Saturday, May 23rd, Black Forest Shires & Gypsy Horses of Platteville, Colorado, held their dispersal sale. A serious group of bidders were there to try to obtain some of the finest imported and U.S. bred Gypsy, Shire and Drum horses. For those of you who haven’t heard of Drum horses, they are defined as a colored Shire.
The sale started out with the Gypsy horse mares and foals. A couple of mares had foaled before the sale, and a few more looked like they were likely to follow. The farm was allowing mares very close to their due dates and the mares that foaled the chance to remain on the farm until they and their foals were strong enough to travel. A Drum horse mare, Pippen, who foaled 12 hours before the sale, was “no saled” due to the fact that her foal was weak and they felt it would not be fair to run her through the sale.
The centerpiece of the farm, Babydoll, a 1998 Gypsy mare imported in 2002, inspired some spirited bidding that made her the sales highest selling horse. The final bid of $60,000 saw her heading back to the U.K. Their premier breeding stallion, LK’s Legacy, a 2003 stallion imported in 2004 and an own son of the famous stallion Lion King, was the second highest seller at $46,000. Sixty-three Gypsy horses went through the sale for a total of $903,850 with the average sale price being $14,347.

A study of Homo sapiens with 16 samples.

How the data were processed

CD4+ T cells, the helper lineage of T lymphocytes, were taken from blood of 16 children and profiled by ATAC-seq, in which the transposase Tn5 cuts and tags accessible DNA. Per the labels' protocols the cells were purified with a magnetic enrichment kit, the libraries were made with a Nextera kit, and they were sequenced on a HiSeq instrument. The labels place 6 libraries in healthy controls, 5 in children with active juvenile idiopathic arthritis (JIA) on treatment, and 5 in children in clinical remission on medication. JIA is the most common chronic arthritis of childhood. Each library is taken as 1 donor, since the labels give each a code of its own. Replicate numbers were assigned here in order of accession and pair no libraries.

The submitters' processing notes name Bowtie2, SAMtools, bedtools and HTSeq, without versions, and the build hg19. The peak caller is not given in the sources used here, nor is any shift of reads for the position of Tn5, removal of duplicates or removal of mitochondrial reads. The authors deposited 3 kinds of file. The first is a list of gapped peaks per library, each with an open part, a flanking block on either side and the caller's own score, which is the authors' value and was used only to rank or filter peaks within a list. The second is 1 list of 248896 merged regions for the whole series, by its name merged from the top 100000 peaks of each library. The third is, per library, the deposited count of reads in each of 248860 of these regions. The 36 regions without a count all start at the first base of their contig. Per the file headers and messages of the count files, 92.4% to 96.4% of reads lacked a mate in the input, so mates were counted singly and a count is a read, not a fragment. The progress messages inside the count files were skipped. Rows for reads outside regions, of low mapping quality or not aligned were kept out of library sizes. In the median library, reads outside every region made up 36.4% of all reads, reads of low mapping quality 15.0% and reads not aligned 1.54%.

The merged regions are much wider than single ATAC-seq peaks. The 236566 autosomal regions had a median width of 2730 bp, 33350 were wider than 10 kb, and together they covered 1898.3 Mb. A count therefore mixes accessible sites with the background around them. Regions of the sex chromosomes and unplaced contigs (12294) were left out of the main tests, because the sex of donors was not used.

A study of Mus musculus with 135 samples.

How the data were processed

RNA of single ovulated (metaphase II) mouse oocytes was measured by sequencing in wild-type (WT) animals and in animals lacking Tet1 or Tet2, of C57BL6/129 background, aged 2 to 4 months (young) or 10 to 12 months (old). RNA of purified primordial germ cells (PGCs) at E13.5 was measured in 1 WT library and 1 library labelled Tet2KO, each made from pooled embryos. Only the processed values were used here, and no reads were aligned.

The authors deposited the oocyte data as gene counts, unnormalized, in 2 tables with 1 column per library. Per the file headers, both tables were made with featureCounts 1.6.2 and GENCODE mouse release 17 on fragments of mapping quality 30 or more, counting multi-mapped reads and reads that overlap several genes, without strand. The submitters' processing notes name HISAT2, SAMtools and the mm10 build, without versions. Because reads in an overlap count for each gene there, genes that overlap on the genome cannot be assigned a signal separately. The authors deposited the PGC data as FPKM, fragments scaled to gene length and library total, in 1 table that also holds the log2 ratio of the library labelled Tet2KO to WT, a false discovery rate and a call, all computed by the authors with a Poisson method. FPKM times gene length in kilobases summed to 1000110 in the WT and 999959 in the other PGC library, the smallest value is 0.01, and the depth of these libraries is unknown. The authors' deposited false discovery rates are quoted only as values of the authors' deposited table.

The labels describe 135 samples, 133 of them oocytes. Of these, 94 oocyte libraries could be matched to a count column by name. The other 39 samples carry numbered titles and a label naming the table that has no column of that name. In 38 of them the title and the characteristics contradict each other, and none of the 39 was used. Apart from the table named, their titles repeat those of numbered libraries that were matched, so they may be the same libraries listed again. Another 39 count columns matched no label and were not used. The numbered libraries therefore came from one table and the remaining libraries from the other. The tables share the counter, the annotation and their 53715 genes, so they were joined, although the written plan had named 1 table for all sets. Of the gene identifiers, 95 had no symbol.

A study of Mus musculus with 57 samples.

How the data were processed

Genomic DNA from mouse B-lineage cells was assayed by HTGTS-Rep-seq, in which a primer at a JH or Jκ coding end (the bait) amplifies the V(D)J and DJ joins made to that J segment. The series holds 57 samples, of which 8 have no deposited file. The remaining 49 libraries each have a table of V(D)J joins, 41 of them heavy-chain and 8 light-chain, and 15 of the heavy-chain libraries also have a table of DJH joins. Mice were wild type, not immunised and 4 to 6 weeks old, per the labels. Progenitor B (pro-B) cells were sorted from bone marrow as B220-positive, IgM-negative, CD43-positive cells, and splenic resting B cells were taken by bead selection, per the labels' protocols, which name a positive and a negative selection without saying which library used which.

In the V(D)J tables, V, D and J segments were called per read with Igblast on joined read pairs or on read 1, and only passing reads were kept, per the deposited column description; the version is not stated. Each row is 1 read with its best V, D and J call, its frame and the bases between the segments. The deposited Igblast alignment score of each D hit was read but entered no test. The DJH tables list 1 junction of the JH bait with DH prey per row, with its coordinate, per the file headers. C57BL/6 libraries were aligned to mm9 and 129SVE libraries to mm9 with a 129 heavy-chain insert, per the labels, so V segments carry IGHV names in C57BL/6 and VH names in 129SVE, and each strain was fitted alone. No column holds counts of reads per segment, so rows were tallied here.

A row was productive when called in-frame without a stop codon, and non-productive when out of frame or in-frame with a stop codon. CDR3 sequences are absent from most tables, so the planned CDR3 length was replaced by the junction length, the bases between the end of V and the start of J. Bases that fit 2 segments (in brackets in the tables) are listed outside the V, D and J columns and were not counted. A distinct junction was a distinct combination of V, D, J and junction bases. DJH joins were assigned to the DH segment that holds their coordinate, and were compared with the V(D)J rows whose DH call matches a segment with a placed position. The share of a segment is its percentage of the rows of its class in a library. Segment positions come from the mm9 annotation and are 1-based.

Monarch, brought in with with his teammate and 1/2 brother Rebel, was the highest seller of the Drum horses, bringing in $21,500. He also has the distinction of being the offspring of two Breyer model horses (Galway Warrior and Gladwin Lucky Grey Lady, aka “Gracie”). The four Drum horses sold totaled $61,500, with an average sale price of $15,375.
The yearling colt Greyson, a son of Gracie, was the highest seller of the Shires. He brought $10,000, with the five remaining Shires bringing the total sales to $37,850, for an average sale price of $6,308.
The imported bowtop wagon did not sell, but two colorful, imported Gypsy drays and a two-wheeled Gypsy flat cart (also known as a Bradford Cart) did sell, with the Bradford Cart bringing $24,000. An imported set of Gypsy harness sold for $2,400.
Black Forest ended up selling 73 horses for an impressive total of $1,003,200, bringing a median price of $14,000 per horse. I know that the sellers were sad to see their horses go, but they can also be proud knowing that the new owners can establish themselves in the Gypsy horse industry with the very best of stock.